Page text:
Christopher HanksMedical Director, The Center for Autism Services and Transition 

The Ohio State University Wexner Medical Center
Department of internal Medicine 
General Internal Medicine and Pediatrics at Hilliard 
3691 Ridge Mill Drive
Hilliard, OH 43026


In Internal Medicine and Pediatrics at Hilliard, Dr. Chris Hanks works primarily with patients diagnosed with chronic childhood illness, with a specific focus on autism. Dr. Hanks works with young adults and adults and he focuses on improving access to care by understanding potential barriers and helping patients navigate the healthcare system.

Dr. Hanks is involved in programs designed to develop new approaches of treatment for autism, which will then be expanded to medical professionals throughout The Ohio State University. 

Currently, he is involved in a review-based research project, which is being carried out using existing teenage patients. By obtaining details on these patients’ experiences, gaps in the healthcare system can be modified as they transition into adult care.

Education and Training

Chief Medical Resident: Internal Medicine, The Ohio State University 

MD: Penn State University College of Medicine                      
Professional Awards

James N. Allen Housestaff Award for Excellence in Pulmonary Medicine: The Ohio State University Internal Medicine Residency

Resident Teaching Award: Department of Pediatrics, The Ohio State University College of Medicine

Mentor of the Year, 2011: Department of Internal Medicine Student Education Programs, The Ohio State University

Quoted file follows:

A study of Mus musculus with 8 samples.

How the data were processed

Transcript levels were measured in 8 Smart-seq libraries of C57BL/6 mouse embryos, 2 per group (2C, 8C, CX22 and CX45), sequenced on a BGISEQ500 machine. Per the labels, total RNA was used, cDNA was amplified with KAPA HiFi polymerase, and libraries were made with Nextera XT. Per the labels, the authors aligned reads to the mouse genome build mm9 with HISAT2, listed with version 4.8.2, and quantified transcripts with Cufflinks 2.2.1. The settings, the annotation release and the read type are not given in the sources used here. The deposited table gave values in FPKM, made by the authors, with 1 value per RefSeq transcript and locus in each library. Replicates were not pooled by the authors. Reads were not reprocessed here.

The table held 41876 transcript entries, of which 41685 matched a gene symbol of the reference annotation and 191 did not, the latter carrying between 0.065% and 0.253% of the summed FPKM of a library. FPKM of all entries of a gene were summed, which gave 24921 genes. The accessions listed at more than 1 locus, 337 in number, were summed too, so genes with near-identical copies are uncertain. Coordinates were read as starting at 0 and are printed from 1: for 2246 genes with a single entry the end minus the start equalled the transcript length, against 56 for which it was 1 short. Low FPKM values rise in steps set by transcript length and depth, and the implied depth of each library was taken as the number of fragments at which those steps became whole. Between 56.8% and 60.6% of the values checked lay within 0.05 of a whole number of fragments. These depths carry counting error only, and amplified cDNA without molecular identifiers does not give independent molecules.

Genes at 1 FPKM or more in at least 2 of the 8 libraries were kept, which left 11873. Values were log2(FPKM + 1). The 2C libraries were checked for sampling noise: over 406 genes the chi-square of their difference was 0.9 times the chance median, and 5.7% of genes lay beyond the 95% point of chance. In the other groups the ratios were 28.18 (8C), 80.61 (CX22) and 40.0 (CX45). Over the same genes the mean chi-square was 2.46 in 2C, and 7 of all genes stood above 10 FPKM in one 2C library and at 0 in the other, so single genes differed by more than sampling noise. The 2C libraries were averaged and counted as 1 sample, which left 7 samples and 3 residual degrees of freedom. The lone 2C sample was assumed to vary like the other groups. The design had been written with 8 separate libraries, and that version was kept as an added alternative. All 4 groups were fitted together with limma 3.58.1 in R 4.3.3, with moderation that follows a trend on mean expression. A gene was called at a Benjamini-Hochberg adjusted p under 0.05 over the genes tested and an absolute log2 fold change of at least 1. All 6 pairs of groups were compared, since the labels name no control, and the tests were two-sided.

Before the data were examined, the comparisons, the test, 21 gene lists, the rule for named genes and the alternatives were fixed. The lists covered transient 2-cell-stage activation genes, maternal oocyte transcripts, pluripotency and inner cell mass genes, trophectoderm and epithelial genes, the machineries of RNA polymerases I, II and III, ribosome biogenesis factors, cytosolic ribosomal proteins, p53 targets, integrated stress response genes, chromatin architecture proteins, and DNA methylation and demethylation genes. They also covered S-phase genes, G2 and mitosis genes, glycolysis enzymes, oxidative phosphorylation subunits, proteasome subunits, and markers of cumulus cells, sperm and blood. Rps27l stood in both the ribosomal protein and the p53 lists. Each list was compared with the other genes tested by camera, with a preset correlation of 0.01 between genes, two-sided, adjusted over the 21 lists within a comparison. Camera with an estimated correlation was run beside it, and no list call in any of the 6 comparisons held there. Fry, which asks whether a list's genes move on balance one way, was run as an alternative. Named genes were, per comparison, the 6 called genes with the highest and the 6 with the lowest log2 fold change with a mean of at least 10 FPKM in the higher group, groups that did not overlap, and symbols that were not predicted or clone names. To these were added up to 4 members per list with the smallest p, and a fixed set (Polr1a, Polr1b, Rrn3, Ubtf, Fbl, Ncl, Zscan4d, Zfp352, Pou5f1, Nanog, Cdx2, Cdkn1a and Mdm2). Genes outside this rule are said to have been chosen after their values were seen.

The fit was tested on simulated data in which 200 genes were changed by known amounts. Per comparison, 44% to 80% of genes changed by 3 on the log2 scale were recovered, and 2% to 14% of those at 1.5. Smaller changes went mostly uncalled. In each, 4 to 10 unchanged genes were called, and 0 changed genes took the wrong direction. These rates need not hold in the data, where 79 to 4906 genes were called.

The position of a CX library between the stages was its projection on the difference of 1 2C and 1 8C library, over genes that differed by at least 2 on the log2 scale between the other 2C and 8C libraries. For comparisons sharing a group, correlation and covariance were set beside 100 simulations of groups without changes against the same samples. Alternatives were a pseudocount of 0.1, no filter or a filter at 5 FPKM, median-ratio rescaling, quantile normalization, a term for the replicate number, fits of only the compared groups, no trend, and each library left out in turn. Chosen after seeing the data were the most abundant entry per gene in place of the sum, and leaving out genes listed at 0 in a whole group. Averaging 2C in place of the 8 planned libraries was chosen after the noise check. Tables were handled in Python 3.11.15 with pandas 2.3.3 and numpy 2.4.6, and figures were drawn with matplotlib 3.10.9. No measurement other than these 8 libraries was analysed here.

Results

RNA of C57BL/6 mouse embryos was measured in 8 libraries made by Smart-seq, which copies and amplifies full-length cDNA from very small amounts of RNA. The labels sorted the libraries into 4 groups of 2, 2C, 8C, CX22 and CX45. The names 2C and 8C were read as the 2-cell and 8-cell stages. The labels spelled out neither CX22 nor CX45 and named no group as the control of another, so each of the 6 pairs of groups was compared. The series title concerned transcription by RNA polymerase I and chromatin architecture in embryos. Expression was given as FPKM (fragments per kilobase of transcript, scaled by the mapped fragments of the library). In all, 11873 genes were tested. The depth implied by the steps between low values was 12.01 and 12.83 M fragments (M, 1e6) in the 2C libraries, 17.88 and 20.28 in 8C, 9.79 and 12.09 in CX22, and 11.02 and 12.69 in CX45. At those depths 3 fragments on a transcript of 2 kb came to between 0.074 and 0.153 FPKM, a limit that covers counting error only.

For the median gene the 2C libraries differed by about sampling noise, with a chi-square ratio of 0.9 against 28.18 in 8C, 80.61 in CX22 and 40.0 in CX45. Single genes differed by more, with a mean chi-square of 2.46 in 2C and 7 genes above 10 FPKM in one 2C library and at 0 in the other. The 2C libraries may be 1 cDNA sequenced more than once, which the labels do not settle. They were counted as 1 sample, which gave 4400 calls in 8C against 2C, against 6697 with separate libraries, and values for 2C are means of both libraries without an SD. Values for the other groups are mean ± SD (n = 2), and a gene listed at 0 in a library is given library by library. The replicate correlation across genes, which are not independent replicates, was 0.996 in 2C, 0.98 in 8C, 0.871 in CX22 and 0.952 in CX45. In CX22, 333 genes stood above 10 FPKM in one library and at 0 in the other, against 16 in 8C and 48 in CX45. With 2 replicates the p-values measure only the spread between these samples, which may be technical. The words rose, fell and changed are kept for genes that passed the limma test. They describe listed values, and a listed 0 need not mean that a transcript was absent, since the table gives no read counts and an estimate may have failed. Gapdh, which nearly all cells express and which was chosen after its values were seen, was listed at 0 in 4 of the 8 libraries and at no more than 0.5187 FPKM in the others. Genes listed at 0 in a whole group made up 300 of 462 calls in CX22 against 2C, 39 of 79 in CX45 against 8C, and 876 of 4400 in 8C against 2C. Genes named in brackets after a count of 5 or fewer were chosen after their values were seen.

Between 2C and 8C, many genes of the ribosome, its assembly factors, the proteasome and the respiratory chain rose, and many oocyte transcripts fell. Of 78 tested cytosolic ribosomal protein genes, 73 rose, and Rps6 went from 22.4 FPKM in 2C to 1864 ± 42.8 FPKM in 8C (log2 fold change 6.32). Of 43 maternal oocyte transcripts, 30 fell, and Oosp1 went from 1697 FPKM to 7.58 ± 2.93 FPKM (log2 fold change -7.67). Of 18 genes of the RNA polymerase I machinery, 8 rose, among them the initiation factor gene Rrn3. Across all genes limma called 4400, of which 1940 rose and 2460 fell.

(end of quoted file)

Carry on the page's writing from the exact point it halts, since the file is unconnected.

Resident Teaching Excellence Award: Department of Internal Medicine Student Education Programs, The Ohio State University 

Abstracts and Peer-Reviewed Journal Articles

Bates K., Nourie C.E., Hanks C., and Friedland, A.  “Legal Options, Challenges and Insights in Supporting Young Adults with Disabilities.” SGIM Forum 2013; 36(4): 6, 13. 

Hanks CD., Parsons JP., Benninger C., Kaeding C., Best T., Phillips G., Mastronarde JG. “Etiology of Dyspnea in Elite and Recreational Athletes.”  The Physician and Sportsmedicine 2012 May; 2: 28-33. 
Thapliyal A., Bannister R., Hanks C., Adams B.  “The monomeric G proteins AGS1 and Rhes selectively influence Gαi-dependent signaling to modulate N-type (CaV2.2) calcium channels.”  Am J Physiol Cell Physiol 2008 Sept; 295: C1417-C1426. 
Santos C.B., Hanks C., McCann J., Lehman E.B., Pratt E., Craig T.J.  “The role of montelukast on perennial allergic rhinitis and associated sleep disturbances and daytime somnolence.”  Allergy and Asthma Proceedings 2008 Mar; 29(2): 140-145. 

Santos C.B., Pratt E.L., Hanks C., McCann J., Craig T.J.  “Allergic rhinitis and its effects on sleep, fatigue, and daytime somnolence.”  Ann Allergy Asthma Immunol 2006 Nov; 97(5): 579-86.

Gibbs J., Hanks C., McCann J., et al.  ”Allergic rhinitis and sleep disturbances.”   Otorinolaringol. 2006; 56: 27-35.  

Craig T.J., Hanks C.D., and Fisher L.H. “How do topical nasal corticosteroids improve sleep and daytime somnolence in allergic rhinitis?”  J Allergy Clin Immunol 2005; 116(6):1264-6.